With ag prices in the dumpster, it’s easy to become discouraged about what’s happening on America’s farms. But if you awoke in Indianapolis after a 5-year nap, you wouldn’t have known prices were down. That’s what we saw from 890 attendees from six countries at our 2019 National No-Tillage Conference in Indianapolis.
Over 4 days and hundreds of conversations, our No-Till Farmer staff didn’t hear a single word of “woe is me” or witnessed any group pity parties. Despite the free-fall in commodity pricing and growing concerns over ag tariffs, this group of no-tillers are among the most positive thinkers I’ve ever seen. Other farmers and suppliers say this attitude is unique — compared to the “gloom and doom” attitude that floods the thinking of growers at many farm shows.
Focusing their efforts and attention on what’s in their control, these no-tillers were seeking new ways to boost yields and trim costs while protecting soil and the environment.
As data in the chart at the lower left demonstrates, no-tillers understand the huge dollar benefits available from shifting to less tillage. Dick Wittman, a veteran no-tiller and financial analyst from Lewiston, Idaho, explained how no-tillers earn a 19% higher return on equity vs. growers using intensive tillage. (Note: Share this data with lenders, landowners and suppliers who aren’t sold on no-till.)
I’ve been covering no-till for 47 years and the positive thinking from the hundreds of innovative no-tillers at our conference really made an impression after another tough year for ag. It also was recognized by the staffs of the 14 suppliers who co-sponsored this event. Several remarked on how it’s a breath of fresh air to be part of an event where attendees are so positive about American agriculture.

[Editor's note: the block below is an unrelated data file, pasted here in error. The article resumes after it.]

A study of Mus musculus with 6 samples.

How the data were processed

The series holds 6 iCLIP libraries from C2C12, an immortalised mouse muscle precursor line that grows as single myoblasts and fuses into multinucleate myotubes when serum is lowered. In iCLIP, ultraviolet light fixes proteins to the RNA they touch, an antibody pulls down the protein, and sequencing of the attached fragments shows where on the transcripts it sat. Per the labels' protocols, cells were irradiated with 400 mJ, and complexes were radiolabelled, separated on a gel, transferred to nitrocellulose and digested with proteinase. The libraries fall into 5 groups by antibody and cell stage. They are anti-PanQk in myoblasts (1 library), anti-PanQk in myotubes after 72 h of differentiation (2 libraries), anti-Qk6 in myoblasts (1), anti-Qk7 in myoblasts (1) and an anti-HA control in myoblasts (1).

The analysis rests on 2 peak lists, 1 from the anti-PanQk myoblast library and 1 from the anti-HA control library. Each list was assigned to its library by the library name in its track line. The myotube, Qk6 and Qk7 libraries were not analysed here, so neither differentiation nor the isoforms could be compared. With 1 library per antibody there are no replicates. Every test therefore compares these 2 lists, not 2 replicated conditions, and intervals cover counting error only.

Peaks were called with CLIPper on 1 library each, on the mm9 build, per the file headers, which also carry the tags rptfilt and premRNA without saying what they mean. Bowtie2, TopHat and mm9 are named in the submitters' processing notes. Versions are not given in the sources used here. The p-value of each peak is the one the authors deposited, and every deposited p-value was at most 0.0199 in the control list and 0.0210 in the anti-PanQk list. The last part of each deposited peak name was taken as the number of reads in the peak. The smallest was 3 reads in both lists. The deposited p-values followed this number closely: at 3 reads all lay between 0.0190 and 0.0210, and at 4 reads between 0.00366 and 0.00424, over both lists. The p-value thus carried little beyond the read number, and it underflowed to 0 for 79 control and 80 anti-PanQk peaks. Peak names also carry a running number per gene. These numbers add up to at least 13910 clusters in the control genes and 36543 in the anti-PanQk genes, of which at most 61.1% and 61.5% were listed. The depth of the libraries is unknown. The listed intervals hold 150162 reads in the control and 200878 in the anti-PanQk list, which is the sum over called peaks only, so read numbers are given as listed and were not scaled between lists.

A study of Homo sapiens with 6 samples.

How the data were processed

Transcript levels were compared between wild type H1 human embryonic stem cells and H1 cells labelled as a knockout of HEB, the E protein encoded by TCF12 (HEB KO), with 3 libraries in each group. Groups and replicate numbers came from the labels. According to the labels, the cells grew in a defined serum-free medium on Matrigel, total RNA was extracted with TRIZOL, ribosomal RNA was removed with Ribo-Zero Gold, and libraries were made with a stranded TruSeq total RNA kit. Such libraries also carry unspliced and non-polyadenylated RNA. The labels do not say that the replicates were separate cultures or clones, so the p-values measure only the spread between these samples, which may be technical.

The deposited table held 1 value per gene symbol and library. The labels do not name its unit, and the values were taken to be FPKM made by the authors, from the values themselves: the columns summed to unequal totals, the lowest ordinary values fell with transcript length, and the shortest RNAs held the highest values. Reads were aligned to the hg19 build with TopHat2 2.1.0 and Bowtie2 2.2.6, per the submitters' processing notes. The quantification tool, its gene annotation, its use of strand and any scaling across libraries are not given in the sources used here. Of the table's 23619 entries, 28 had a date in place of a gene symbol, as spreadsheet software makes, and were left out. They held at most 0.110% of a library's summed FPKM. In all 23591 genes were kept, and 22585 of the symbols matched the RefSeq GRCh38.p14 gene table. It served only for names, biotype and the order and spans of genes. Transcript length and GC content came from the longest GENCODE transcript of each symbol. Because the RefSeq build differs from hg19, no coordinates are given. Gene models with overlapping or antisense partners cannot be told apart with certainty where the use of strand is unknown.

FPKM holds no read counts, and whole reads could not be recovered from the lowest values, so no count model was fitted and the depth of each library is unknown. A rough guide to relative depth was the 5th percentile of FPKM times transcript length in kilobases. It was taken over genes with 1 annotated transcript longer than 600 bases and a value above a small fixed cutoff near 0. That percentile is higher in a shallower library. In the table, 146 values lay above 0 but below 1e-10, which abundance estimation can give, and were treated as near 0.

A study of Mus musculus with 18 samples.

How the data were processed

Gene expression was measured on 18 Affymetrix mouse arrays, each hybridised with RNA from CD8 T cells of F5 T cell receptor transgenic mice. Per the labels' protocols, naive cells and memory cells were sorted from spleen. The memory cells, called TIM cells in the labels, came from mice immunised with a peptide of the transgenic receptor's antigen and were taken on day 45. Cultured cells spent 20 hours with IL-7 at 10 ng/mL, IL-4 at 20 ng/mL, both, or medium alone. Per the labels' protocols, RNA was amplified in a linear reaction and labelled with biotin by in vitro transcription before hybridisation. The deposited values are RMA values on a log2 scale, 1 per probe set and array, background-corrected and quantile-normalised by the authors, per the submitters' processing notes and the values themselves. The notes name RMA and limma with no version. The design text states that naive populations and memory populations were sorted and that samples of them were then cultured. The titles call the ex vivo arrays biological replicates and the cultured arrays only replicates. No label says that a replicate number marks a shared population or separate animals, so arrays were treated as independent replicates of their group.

One supplier shared how more than a dozen no-tillers took time to thank him for being a conference co-sponsor. That’s something he’d never seen at any other farm event, and speaks volumes about an audience so eager to learn from the top minds in the industry.
Cover Crops, Planting Green
For me, there were two major conference surprises. When we asked attendees in a general session to stand that were already using cover crops, it looked like better than 90% were already cover cropping some acres.
The other surprise was when a speaker asked for a show of hands among attendees as to who were “planting green” into cover crops. It appeared to me that 40% were already doing so.
The surprise wasn’t that attendees had adapted these techniques. Instead, it was the large percentage of no-tillers already on board and blazing new ground with these money-making concepts.
Not only are no-tillers among the biggest innovators in all of ag, but they’re among the most positive folks you’ll find anywhere. Our hats are off to the contagious “can-do attitude” of no-tillers who continue to make profit-building changes — even in tough times — while still moving their farming operations forward.